Mickelson rests as his team-mates go with tried and tested routine

Phil Mickelson, the Masters champion, sat out the second practice day for the 35th Ryder Cup at Oakland Hills yesterday. The American left-hander did seven and a half hours' practice on Monday, studying the course and all the different pin positions as he has in the week before all four of this season's major championships.

Phil Mickelson, the Masters champion, sat out the second practice day for the 35th Ryder Cup at Oakland Hills yesterday. The American left-hander did seven and a half hours' practice on Monday, studying the course and all the different pin positions as he has in the week before all four of this season's major championships.

While Tiger Woods and Mark Calcavecchia were criticised at The Belfry two years ago for practising one morning at 6.30am - before the spectators arrived but in keeping with Tiger's usual routine - Mickelson's decision was the greatest expression yet of the US captain Hal Sutton's insistence that his players prepare as they would any other week of the year.

"Phil came to me this morning and said he does not usually play on the Wednesday of majors and this was a major and he wasn't going to play," Sutton said. "I told him that he shouldn't change his routine."

Sutton added: "If anyone else wants a pass tomorrow, they'll get one. I've told my players to worry about themselves. If I can get the best out of each of them, then it could come together as a team effort that could be brilliant."

American teams have sometimes struggled in the fourballs and foursomes but Sutton has completely ignored the traditional preparation for team competition of trying out different combinations in practice. Apart from Mickelson sitting out, Tiger Woods and Chris DiMarco played together simply because they were ready, followed by a threeball and a fiveball.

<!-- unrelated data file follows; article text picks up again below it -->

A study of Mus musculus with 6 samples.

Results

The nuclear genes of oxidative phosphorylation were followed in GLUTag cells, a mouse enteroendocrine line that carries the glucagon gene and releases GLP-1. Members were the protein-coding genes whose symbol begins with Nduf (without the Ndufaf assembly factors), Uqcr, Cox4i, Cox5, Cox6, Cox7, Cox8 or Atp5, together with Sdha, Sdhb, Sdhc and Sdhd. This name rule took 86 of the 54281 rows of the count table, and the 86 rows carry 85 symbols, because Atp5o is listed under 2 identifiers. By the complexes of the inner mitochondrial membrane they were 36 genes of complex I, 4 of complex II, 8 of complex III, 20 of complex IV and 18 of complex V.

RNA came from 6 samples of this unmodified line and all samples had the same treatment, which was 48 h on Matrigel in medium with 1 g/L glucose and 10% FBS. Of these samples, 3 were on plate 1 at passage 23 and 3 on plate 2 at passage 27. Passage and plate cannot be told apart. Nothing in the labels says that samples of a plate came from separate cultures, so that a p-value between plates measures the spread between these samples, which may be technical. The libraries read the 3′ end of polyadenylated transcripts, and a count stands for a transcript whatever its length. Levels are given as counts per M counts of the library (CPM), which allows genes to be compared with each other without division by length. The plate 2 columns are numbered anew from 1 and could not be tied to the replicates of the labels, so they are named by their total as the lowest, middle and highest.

Sutton will not tell his players his pairings until this morning, leaving them little time to get used to the idea - if he is planning to put together Woods and Mickelson in the opening fourballs that might be part of his thinking - or to decide which ball to use in the foursomes.

"I know some of the team are slightly apprehensive about things like that but we'll see how this works out," Sutton said. "I know exactly what my pairings are and it is extremely important to get off to a great start. I don't want to be behind the eight ball."

By contrast, there did seem to be clues about Bernhard Langer's intentions, with four possible fourball pairings in Darren Clarke and Miguel Angel Jimenez; Padraig Harrington and Colin Montgomerie; Lee Westwood and Sergio Garcia; and Luke Donald and Paul Casey.

Later in the round, they switched to playing foursomes with Clarke playing with Westwood; Jimenez and Thomas Levet; Garcia and Donald; and Harrington and Paul McGinley among the regroupings.

"They are not necessarily going to go out like this on Friday," Langer said. "I don't know myself yet but obviously there was thought that went into it and I will keep watching out everyone is playing in practice."

One of the idiosyncrasies of Oakland Hills is that the four par-threes are on odd-numbered holes and the four par-fives are on even-numbered holes. This means that if everything goes according to play, one player will be putting first on 12 of the greens and the other only on six. It also indicates that a stronger driver will tee off on the evens and the better iron player on the odds.

But it was the greens that the Europeans were paying attention to. "You don't see many courses with greens like these," Langer said. "They are very severe in their slopes. The only place that comes to mind is Augusta."

Perhaps the Europeans' past success at the Masters will be a good omen.